In remote regions across Australia, a war between man and dog is currently underway. The bloody, brutal battle has been raging for generations and has now reached its tipping point, as sheep farmers across the country are facing severe financial losses as wild dogs continue to kill their livestock.
Just outside the East Gippsland town of Omeo in north-eastern Victoria, beside the road to Benambra, sits a prominent gum tree that’s heavy under the weight of approximately 30 decaying dog carcasses.
This is just one of many trees like this in Australia, where sun-bleached skeletons and bared teeth are left spinning in the breeze as a warning to other predators who dare cross the threshold onto fed-up farmers’ properties.
Some of the dog carcasses resemble the archetypal dingo, with lean golden bodies and broad heads. Others aren’t as easy to define and almost look more like domestic pets than a wild, sheep-killing beast.
To Australian sheep and cattle producers, there is no distinction. If a farmer thinks a dog poses a threat to their stock it’s shot on sight and defensive poisoning is usually rolled out in spring and autumn.
However, despite persistent wild animal control, farmers are still experiencing stock losses in record-breaking numbers. Just south of Omeo, the owners of Bindi Station were losing 1500 sheep a year and lambing in some mobs had dropped as low as 10 per cent before they installed electric fencing. The owner of this property, Fraser Barry, has been operating at a loss for fifteen years, and every waking hour is dedicated to animal shooting and setting animal traps in a bid to get the number of wild dog attacks under control. After suffering from a lack of sleep and emotional and physical exhaustion, he was actually told he was suffering from a form of post traumatic stress, but he’s one of the lucky ones. In this remote Victorian locale, around 25-30 families have been forced out of the community because dingoes and other breeds of wild dogs had destroyed their wool shearing businesses.
But why has the wild dog problem in Australia gotten as bad as it is?
Wild Dog Legislation in Australia
In Australia, legislation deems that the dingo is a pest in every mainland state and territory except the Northern Territory. Believed to be descendant from domesticated dogs in Asia, dingoes aren’t even protected in most National Parks. However, despite the need for wild animal control, baiting is restricted to ensure the dingo can survive as an Australian ‘wildlife species’.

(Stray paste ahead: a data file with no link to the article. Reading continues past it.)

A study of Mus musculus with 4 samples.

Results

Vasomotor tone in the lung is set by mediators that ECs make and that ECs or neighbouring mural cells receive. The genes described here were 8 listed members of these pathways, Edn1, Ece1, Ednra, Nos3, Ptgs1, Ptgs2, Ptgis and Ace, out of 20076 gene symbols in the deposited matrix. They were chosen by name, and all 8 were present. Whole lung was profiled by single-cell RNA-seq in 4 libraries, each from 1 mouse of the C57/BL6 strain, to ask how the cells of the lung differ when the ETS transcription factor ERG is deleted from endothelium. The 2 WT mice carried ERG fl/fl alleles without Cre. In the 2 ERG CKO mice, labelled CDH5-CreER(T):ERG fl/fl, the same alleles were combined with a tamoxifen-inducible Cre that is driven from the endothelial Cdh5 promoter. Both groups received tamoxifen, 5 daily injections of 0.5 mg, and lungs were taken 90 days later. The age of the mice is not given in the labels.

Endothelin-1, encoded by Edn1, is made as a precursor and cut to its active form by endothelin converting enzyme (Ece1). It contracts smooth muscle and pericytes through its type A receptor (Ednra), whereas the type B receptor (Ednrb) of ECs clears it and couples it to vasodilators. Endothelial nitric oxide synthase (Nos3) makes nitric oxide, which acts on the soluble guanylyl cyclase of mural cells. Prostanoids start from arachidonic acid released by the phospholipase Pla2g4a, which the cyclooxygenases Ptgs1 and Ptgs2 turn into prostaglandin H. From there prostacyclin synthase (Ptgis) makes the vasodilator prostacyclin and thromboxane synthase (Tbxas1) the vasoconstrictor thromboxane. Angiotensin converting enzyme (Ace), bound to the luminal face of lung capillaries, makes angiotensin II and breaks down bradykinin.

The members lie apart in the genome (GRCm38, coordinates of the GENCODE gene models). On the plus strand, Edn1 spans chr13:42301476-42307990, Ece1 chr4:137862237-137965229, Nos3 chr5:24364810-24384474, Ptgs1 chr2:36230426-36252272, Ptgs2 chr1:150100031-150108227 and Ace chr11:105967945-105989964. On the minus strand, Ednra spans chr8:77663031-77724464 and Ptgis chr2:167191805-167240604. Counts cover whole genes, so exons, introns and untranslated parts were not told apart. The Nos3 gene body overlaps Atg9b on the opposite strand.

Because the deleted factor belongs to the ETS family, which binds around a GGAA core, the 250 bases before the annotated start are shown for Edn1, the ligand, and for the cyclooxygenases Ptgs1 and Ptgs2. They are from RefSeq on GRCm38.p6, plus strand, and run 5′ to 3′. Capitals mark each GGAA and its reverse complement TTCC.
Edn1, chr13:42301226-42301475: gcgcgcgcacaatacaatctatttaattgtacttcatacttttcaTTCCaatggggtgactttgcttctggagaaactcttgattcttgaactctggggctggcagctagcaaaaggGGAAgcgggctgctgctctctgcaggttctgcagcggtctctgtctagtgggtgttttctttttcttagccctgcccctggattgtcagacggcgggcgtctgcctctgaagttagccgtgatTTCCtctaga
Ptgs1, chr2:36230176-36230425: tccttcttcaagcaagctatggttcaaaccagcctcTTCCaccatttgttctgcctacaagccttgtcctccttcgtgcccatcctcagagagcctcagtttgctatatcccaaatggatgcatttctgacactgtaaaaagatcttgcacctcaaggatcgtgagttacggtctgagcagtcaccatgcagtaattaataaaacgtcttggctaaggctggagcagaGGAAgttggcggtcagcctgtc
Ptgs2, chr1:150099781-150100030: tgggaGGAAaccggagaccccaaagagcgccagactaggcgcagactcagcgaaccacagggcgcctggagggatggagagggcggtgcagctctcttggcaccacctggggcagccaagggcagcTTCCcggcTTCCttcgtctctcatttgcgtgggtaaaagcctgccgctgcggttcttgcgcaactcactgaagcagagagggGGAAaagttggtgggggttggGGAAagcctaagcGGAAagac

The only exception to this is in Victoria where dingoes are considered a threatened species and are protected in national parks under the Wildlife Act 1975. But, they are fair game on private properties or within a 3km buffer of public land boundaries to safeguard livestock.
In New South Wales, Queensland, South Australia and Western Australia, landowners also have free reign and are actively encouraged to cull dingoes to protect their livestock.
There are huge tracts of land in Australia where dingoes roam free without any form of control on them. Virtually anywhere in the Outback that is not used for pastoral farming has dingoes that are generally undisturbed.
According to Greg Mifsud from the Invasive Animals Cooperative Research Centre, any dog has the potential to kill livestock. With the sole aim of controlling wild-living dogs, including dingoes, wild dogs, and their hybrids, they support aerial and ground baiting, trapping, fencing, and shooting, where necessary. Of course, wild dog control often means reducing their numbers enough to avoid predation and losses on cattle, but in sheep growing areas, one wild can cause so many losses that the battle intensity increases significantly.
“The annual cost to the Australian economy in sheep and cattle losses from wild dogs and control efforts is in the hundreds of millions of dollars,” says Greg.
“It’s an emotionally charged issue, with strong economic impacts. It’s about individual landholders assessing the risk that dogs pose to them, and being cognisant of the risks to their neighbours. We are not about obliterating dingoes; we recognise their place in national parks. We want to provide long-term opportunities for production and dingo conservation.”
Adapting to Survive
One of the main reasons dingoes pose such a big threat to Australian farmers is their ability to adapt. Since they were introduced to Australia, they have learned how to survive in the harsh Australian landscape.
Dr. Guy Ballard from the Vertebrate Pest Research Unit says, “they are incredibly successful animals, which can live at high-altitudes on high and bony ridges, in rainforests and in the harshest deserts.”
Able to walk 10km in 50-degree heat just to get a few drops of water from a tap, they can travel 100km and back in the span of a week. You can see them roaming towns, living around airports and caravan parks, and they love a good rubbish pit.
Despite 200 years of dingo control, it seems the number of wild dogs populating Australia is only growing.
Debate is raging on about how to control this issue, with a number of Indigenous and animal protection groups’ advocating for the protection of these animals, while farmers are screaming for further action.
Unfortunately, there isn’t a quick fix for this. However, if you are experiencing extreme wild dog issues in either a residential or commercial setting, talk to us about what we can do to help!